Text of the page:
By THE EDITORIAL BOARD | October 3, 2019


When asked why the usual meetings had been suspended, Executive Vice President Dean Chien wrote in an email to The News-Letter: “We are a policy driven body and that means that if there is a bill or resolution on the floor or some guest presentation, we will meet, if not then there’s really no need to meet.” He added, “That being said, we are not going to be in the business of not meeting.”

We are glad that SGA plans on having regular sessions. That being said, we find it hard to believe that they had nothing to discuss these past few weeks. How is it that our representatives have no bills or resolutions? The University is in the midst of many critical changes. Dozens of student organizations are in massive debt. The University is in the process of implementing a controversial police force. Art groups on campus need more support. There are plenty of topics warranting at least a weekly check-in.

Even if we disregard the new issues that have cropped up in the past few months, SGA seems to be doing less than it has in previous years. In recent years, SGA made commendable efforts to promote student engagement and wellness. In February 2018, Anthony Boutros, the sophomore class president at the time, helped implement TurboVote, an online voter registration service. In March of 2018, SGA members organized buses to take students to the March for Our Lives protest in D.C. In February 2019, they partnered with student group Wings to provide menstrual products on campus and increase awareness of menstrual health.

However, SGA’s momentum is now falling flat. The D.C. Climate Strike, which many Hopkins students attended, occurred only two weeks ago. SGA did not provide transportation. Free menstrual products are nowhere to be seen on campus. And over the past month, SGA suspended meetings because they did not have legislation on the floor. 

We understand that SGA has limited power over the administration. We do not necessarily expect to get free bus rides to every protest in D.C. We do not expect SGA to singlehandedly meet all student demands. What does concern us is SGA’s lack of effort. In addition to focusing on realistic initiatives to effect long-term change, having regular meetings seems like the first step to maintaining progress on pre-existing efforts.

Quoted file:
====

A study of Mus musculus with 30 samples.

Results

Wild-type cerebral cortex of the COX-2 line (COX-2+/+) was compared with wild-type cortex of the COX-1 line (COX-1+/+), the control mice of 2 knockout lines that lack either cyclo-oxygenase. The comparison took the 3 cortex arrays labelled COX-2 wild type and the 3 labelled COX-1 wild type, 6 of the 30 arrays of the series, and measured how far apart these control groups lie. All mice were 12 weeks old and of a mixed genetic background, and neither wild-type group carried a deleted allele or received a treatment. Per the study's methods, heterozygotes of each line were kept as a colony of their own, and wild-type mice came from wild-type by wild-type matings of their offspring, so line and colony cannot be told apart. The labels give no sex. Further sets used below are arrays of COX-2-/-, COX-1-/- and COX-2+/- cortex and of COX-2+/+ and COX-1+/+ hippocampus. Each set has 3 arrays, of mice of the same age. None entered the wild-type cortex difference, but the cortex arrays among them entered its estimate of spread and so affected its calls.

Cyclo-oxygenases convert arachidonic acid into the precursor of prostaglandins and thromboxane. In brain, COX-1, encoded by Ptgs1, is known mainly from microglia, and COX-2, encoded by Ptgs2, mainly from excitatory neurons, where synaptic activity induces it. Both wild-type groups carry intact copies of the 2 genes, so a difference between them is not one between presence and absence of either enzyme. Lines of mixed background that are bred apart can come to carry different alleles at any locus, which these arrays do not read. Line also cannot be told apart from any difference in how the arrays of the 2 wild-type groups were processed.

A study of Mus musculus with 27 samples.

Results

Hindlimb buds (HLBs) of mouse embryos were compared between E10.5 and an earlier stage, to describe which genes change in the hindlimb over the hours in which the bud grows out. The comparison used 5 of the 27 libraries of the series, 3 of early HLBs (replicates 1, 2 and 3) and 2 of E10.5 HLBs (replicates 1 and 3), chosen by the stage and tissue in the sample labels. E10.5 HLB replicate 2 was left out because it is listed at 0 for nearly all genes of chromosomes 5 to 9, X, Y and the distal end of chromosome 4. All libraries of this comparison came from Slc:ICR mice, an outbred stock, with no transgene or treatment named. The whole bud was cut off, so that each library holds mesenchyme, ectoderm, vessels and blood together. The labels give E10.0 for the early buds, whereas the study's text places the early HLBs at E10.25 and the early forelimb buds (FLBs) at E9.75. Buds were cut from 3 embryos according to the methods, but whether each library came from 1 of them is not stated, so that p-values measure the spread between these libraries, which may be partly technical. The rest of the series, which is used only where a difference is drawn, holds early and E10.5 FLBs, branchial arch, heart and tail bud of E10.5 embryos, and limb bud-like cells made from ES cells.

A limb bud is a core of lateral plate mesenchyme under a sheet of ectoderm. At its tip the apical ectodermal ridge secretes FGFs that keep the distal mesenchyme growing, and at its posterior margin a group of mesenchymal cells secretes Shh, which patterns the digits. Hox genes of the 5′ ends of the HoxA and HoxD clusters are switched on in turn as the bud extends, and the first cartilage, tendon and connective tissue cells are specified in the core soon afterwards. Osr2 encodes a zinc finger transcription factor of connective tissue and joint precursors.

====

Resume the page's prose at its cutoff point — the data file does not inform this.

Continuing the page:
While discussing the lack of recent meetings, Chien wrote, “There is a lot going on and from a legislation standpoint, we have a lot coming down the pipeline.” 

Still, this does not excuse their lack of meetings. SGA should put in the effort to meet every week. If they are at a loss for what to do, they could work to engage with the student body and see what issues and initiatives the students want them to focus on. Its members must have ideas on what Hopkins can do better. 

We are also troubled by a notable decrease in SGA’s transparency and accessibility to students this year. SGA’s website remains confusing, with dead ends on several links. The “Who We Are” page lists students in the wrong years, as well as some who have graduated. The minutes of the few meetings that have been assembled this semester have not been publicly uploaded onto SGA’s website. The most recent publicly uploaded meeting minutes are from February 19 — over six months ago. How can we hold our representatives accountable if we do not know who they are or what they do?

In previous years, members expressed intentions to have livestreams for Senate Meetings every week to encourage more student engagement and increase knowledge of SGA proceedings. However, as far as we are aware, SGA is no longer working on issuing livestreams. If SGA is hard-pressed to think of something to discuss during Senate Meetings, why not start with transparency? We need an updated and accurate website, complete with minutes — if not livestreams — for each week. If SGA wants to see more student engagement, they must first make it easier for students to get engaged.

That being said, we acknowledge that SGA is continuing to make important efforts. In the beginning of the semester, SGA elected new leadership for our new black student caucus. The continuation of the O-Week activism fair, which SGA organized for the first time last year, is promising. Plans to hold another Wellness Week in November are also admirable. Just this week, SGA listened to a new proposal regarding the creation of a Hopkins Town Hall, in which students, faculty and community members can discuss grievances, new ideas or initiatives at regular meeting times. The idea is at an incredibly early stage, but it is a promising one and we are hopeful that it will be a platform for more robust student and community engagement.

Still, SGA must aspire to do more. We are frustrated by the lack of legislation passing through our student government at such a critical time. We fear that missing two meetings in a row is not a strong start to the year. We are frustrated that SGA is not being transparent with the student body. 

We understand that it has only been a month into the school year. But even for that short time frame, SGA has not done enough. As students, we deserve more from our student government.